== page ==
President Trump’s budget proposal for Fiscal Year 2018 makes it clear his administration intends to continue its war on clean energy. The "starvation budget" proposed today would slash funding for renewable energy and efficiency programs by a devastating 70 percent, including popular energy efficiency programs that help put money back in our pockets as well as fund groundbreaking research that drives job growth in the clean energy economy.
An outpouring of public support earlier this month convinced Congress to preserve these programs temporarily. However, the new budget proposal released today for the fiscal year beginning Oct. 1 does not reflect this support. Elected leaders need to hear from their constituents once again about the positive impacts of clean energy and efficiency. Investing in clean energy and efficiency isn’t only about the environment—it’s also about building out a strong, skilled labor force; making U.S. companies more competitive in the global market; and helping millions of Americans save money on energy.
Roughly 3 million people in the United States work in the booming clean energy economy, from wind energy technicians and HVAC installers to skilled factory workers and engineers. One out of every 50 new jobs in 2016 was in the solar industry, and the number of solar workers is expected to increase an additional 10 percent next year. Innovation is the engine behind this spectacular growth, and much if it stems from programs funded by the Department of Energy. Pulling the rug out from under clean energy research and development would threaten this job growth. China invested $88 billion in renewable energy in 2016, one-third more than the United States and announced a plan to invest $360 billion in renewable energy by 2020. U.S. companies cannot afford to be left behind as the global market for clean and efficient products expands.
Early DOE support for clean energy innovation fosters partnerships among the National Labs, over 100 small businesses in 31 states, and even 24 international allies, which has made clean energy vastly more affordable in just a few short years. The cost of an LED light bulb has dropped an amazing 94 percent. The cost of wind and solar energy has been cut in half, and advanced batteries by nearly 75 percent—all since 2008. But there is more work to be done. The DOE's quarterly review of the technology landscape identified hundreds of clean energy research opportunities for our homes, businesses, transportation, and power sectors, from building taller wind turbines to capture more from the growing wind energy resource to improving energy storage technologies for the grid.
Efficiency is the easiest, cheapest way to drive down costs, and the DOE’s appliance standards program has a 30-year track record of success in that department. This popular program, launched under Ronald Reagan, ensures that refrigerators, washing machines and other major appliances and equipment use less energy while remaining affordable. Efficiency standards for appliances work behind the scenes to save the average household $500 a year, and will save Americans a cumulative $2.4 trillion by 2035. It’s hard to find a smarter investment than these and other programs run by the Office of Energy Efficiency and Renewable Energy, which boast annual returns of more than 20 percent back to taxpayers in lower utility bills.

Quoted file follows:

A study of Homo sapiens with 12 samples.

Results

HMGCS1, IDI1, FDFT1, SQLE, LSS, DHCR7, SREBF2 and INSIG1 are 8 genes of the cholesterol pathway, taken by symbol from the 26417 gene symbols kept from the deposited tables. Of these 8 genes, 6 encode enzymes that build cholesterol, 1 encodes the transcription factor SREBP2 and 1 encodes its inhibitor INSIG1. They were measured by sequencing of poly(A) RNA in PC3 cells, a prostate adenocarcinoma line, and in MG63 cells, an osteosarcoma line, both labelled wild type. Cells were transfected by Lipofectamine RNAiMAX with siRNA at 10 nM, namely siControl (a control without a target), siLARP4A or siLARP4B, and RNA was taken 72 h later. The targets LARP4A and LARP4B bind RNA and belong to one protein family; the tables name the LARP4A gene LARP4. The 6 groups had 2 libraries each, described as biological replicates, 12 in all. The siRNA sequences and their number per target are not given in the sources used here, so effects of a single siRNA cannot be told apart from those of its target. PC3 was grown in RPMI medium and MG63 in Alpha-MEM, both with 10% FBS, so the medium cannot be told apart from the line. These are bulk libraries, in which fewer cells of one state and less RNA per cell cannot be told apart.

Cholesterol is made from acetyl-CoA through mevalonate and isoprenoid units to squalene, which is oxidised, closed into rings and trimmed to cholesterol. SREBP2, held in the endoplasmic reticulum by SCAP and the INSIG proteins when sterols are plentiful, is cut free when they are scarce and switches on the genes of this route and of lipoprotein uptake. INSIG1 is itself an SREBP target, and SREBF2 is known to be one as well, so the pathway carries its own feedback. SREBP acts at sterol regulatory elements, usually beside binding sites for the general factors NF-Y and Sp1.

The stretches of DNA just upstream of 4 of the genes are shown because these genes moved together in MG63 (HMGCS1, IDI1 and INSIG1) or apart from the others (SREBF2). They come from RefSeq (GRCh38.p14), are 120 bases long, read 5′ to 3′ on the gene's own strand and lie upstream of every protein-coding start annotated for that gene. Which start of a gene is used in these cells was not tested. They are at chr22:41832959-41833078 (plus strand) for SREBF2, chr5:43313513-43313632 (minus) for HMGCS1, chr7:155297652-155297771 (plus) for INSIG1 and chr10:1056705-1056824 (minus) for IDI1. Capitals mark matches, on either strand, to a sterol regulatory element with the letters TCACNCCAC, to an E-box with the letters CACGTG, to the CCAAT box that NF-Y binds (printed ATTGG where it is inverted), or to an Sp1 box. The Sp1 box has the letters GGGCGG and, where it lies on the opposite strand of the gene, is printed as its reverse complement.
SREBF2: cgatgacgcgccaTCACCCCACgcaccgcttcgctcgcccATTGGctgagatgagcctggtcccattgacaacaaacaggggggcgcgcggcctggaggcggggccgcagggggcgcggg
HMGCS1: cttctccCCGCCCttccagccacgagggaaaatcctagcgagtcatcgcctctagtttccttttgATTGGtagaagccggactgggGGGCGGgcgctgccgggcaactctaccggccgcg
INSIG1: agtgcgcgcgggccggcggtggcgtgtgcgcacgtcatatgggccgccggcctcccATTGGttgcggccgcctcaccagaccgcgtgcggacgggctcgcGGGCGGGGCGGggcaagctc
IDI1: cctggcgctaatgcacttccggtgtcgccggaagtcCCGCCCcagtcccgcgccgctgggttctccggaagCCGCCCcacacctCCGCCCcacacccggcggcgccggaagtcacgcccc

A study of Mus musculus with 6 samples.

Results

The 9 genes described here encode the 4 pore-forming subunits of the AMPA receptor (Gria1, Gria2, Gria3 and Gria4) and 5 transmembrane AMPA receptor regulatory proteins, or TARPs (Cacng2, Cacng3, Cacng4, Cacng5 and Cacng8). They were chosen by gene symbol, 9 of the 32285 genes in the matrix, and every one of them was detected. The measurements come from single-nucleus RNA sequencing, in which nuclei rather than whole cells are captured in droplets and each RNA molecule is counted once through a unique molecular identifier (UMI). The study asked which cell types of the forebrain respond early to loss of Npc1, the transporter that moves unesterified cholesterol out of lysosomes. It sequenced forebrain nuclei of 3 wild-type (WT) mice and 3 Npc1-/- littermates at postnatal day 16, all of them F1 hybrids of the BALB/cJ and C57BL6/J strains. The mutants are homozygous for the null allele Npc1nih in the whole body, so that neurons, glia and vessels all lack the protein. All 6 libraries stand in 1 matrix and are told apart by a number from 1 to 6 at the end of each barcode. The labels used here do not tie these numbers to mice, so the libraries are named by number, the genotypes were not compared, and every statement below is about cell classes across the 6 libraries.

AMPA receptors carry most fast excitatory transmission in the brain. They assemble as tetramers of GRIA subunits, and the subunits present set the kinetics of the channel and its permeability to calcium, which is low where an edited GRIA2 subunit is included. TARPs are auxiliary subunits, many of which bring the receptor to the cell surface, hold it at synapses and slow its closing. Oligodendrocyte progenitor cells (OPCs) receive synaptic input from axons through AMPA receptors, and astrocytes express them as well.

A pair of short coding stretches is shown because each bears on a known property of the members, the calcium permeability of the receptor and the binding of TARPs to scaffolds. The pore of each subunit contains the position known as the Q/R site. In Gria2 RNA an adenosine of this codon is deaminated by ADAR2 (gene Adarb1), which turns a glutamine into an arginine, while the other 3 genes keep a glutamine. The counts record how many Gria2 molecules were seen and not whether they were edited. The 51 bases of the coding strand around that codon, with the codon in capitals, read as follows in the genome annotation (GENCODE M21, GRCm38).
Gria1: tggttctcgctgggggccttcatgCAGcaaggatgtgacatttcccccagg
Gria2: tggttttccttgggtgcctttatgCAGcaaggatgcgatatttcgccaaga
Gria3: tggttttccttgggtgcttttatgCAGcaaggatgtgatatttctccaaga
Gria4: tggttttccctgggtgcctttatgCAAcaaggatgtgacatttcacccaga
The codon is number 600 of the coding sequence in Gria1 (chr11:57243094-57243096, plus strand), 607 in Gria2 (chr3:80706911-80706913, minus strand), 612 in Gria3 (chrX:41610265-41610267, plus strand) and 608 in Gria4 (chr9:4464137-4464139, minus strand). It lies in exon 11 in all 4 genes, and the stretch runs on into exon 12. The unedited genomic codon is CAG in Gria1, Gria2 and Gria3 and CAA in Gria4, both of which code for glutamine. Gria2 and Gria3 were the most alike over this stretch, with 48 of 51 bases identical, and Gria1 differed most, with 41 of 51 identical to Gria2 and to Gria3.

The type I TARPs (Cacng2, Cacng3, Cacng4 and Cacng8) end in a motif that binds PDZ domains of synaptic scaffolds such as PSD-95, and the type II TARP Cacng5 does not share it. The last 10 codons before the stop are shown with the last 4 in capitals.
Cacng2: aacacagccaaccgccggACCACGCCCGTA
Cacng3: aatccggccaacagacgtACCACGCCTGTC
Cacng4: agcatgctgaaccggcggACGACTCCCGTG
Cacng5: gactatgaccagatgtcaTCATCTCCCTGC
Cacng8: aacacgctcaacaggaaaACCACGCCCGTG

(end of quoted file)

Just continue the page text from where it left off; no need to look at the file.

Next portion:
The impacts of DOE investment on local communities can be life-changing. The Weatherization Assistance Program, for example, has helped more than 7 million low-income homeowners afford energy upgrades that improve the health and comfort of their homes. The program saves families $283 annually on energy bills, freeing up money for other necessities like food and medicine. The total savings will reach $1 trillion by 2020. Yet these programs seem to be dispensable in the president’s budget proposal.
The DOE also provides funding for state-run energy programs that are helping local communities save taxpayer dollars. Nevada’s Pershing County School District is saving $72,000 every year after installing rooftop solar panels on schools, while energy efficient lighting in the Carson City school district is saving close to $80,000 a year for taxpayers, for example.
In Missouri, state funding through the DOE helps farmers invest in advanced, energy-efficient equipment. In 2012, more than 1,500 farmers got rebates for items such as GPS systems for tractors and solar-power livestock watering systems, which help reduce energy waste and save water.
Missouri also boasts more than 450 buildings that have reduced their energy use up to 20 percent, as part of their commitment to the DOE’s Better Buildings Challenge, a voluntary program that has cut $1.3 billion in energy costs and 10 million tons of carbon pollution since 2011.
The DOE has been immensely successful in reducing the cost of energy for millions of Americans by supporting local community efforts to make homes, buildings and businesses more efficient. It has also served as a launch pad for the clean energy boom that is sweeping across America and indeed, shifting the global energy market. Congress needs to stand up against the Trump administration’s “starvation budget” and make sure that U.S. workers and businesses stay at the forefront of this change to maintain economic growth while reducing harmful pollution. A budget that slashes support for clean energy simply doesn’t make sense for the American economy or the environment.